As good as Kyle Guy was last year for Virginia, call him Guy version 2.0. A year ago, the freshman shot 49.5 percent from behind the arc, 44 percent inside it and 71 percent from the free throw line. This time around, he’ll be better. Much better.

The former Mr. Basketball in Indiana, Guy has worked hard on his game. Not only has he focused on becoming more consistent with an already pure as you’ll find shot in college basketball, but has expanded his game, improved his defense and become a smarter player.

Yeah, hard to improve on being a 50 percent shooter from Bonusphere, but as scary as it sounds, he’s even more deadly.

“The dude is a sniper,” teammate Devon Hall said last week at ACC Basketball Media Day in Charlotte.

Having lost a couple of scorers via transfer, some of the scoring load will be on Guy’s ample shoulders. He’s put on about 10 pounds after eating practically everything he saw in an attempt to add bulk and strength.

“I wasn’t as consistent as I wanted to be last year, so I’ve been getting up shots every day before practice and after practice,” the sophomore sharpshooter said. “Consistency is what I’m shooting for.”

Coach Tony Bennett, who knows a little something about shooting the basketball, particularly from the 3-point line, has worked hard to develop Guy’s shot.

“You look at the Steph Curry’s and the Klay Thompson’s, and all those guys,” Bennett said. “You work on how efficient their footwork is, their balance, their consistency and their stroke. Kyle can kind of lean and twist and do some things, because sometimes he has to.

“What I stay on him about is don’t ever assume your strength is your strength, and that you don’t have to work to hone it,” Bennett explained. “If it’s an A, make it an A-plus.  Go after your strengths and make them great.”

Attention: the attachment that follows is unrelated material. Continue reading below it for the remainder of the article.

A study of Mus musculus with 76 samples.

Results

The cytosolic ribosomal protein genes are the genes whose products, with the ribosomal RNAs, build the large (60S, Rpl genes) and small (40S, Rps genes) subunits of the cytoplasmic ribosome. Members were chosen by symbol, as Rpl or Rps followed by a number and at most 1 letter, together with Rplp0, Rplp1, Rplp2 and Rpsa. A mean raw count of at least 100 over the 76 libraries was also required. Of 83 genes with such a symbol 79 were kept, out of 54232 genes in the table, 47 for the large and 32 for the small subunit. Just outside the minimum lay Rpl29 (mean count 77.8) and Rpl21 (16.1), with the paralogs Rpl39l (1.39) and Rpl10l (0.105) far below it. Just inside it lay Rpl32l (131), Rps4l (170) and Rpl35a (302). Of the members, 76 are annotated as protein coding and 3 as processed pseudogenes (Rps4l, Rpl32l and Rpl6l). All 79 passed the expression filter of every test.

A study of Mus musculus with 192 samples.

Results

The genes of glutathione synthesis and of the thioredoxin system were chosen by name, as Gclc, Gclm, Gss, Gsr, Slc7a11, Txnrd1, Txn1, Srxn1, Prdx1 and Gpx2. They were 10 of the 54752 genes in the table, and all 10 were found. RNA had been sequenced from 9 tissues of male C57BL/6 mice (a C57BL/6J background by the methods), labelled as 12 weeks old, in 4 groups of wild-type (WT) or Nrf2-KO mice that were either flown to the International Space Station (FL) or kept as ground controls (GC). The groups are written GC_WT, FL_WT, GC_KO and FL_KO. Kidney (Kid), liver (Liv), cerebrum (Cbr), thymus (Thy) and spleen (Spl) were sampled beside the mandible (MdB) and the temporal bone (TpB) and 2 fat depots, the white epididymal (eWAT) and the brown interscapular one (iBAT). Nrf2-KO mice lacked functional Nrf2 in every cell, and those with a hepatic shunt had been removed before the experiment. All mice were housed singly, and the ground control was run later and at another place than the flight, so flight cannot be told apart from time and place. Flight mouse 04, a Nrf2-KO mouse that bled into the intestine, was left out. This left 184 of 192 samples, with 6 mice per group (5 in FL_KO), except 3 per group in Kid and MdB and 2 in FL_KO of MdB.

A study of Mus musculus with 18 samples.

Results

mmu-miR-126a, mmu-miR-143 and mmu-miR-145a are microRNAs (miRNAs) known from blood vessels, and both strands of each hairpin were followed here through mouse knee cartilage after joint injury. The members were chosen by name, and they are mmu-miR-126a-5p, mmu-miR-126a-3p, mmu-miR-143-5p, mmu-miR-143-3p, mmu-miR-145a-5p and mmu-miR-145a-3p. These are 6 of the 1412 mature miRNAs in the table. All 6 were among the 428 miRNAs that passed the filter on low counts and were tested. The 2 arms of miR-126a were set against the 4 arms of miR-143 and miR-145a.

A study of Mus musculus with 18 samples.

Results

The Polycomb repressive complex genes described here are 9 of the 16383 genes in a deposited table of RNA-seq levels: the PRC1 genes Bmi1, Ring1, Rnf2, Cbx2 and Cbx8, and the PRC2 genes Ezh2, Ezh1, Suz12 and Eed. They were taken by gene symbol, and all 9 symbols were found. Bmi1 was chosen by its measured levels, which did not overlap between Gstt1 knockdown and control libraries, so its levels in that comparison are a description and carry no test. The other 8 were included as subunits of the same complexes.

So the coach has emphasized an aggressive mindset from the shooting standpoint, making sure the footwork is clean and the consistency thing. Repetition, repetition.

Assistant coach Ron Sanchez has pushed from another direction to expand Guy’s arsenal.

“Sanchez has been on my rear end about every time I catch [the ball] to look at the basket because he said I’ve already put the fear of God into the defender because I can shoot it,” Guy grinned.

The moment he freezes that defender, the Virginia guard is putting the ball on the floor and driving toward the paint where he can get an easier shot or get fouled. He wants to get to the free throw line more this season. For UVa’s sake, he needs to get to the line more.

Wahoo fans will easily notice the extra benefits of his work come Nov. 10, when UVa opens the season at John Paul Jones Arena against UNC Greensboro.

But the first thing they’ll notice won’t be his game. It’ll be his hair.

The man bun, which charmed the gals but was a target for opposing hostile fans, is gone. Long gone.

“I think it’s wonderful,” Bennett said, breaking into a chuckle. “His mom and I talked. He doesn’t know it, but he was getting schemed on.”

Guy’s mom, Katy, and relatives, went as far as to bring a pair of scissors along from Indianapolis on their visit to Louisville to watch UVa play the Cardinals last season. Guy declined the offer. In the offseason, he got a major haircut.

Anyone close to Guy knows that if they pushed too hard for change, he would resist. So, Katy and Bennett dropped little hints here and there, and as the coach said, it worked out beautifully.

“He came back with a clean haircut,” Bennett said. “He doesn’t know it but he got duped.”

Guy did make a couple of additions to his appearance though, adding a couple of tattoos, giving him a total of five. He says he’s addicted to them, although his mom isn’t very happy about it.

“She likes the meaning of them, so she’ll get over it,” Guy said.

His first one, three crosses on his wrist, and the one that hurt the most, came in the summer of last year.

Meanwhile, Bennett is pushing Guy, who can play either guard spot, to be more aggressive, more assertive. Points have to come from somewhere and what better option than a guy who can bury a zone defense with dagger after dagger.

The coach likes the way his protégé is hunting catches, hunting shots, coming off screens, firing lasers at the basket, and putting the ball on the floor and attacking.

“I just want him to be sound with the ball, get good shots, stay aggressive,” Bennett said. “Certain guys have to do that for us, and he’s one of them.”

“That is a weapon and it opens up some other things for us,” Bennett added. “He was a little streaky last year but he did shoot 49 percent. That’s impressive, especially being inconsistent with his minutes.”

Guy scored in double figures in 10 of the 34 games he played, with a career-high 20 coming against Grambling (5-of-6 on 3’s).

There’s plenty more where that came from.

Jerry Ratcliffe is The Daily Progress' sports reporter and columnist. Contact him at (434) 978-7250, jratcliffe@dailyprogress.com, or on Twitter @JerryRatcliffe.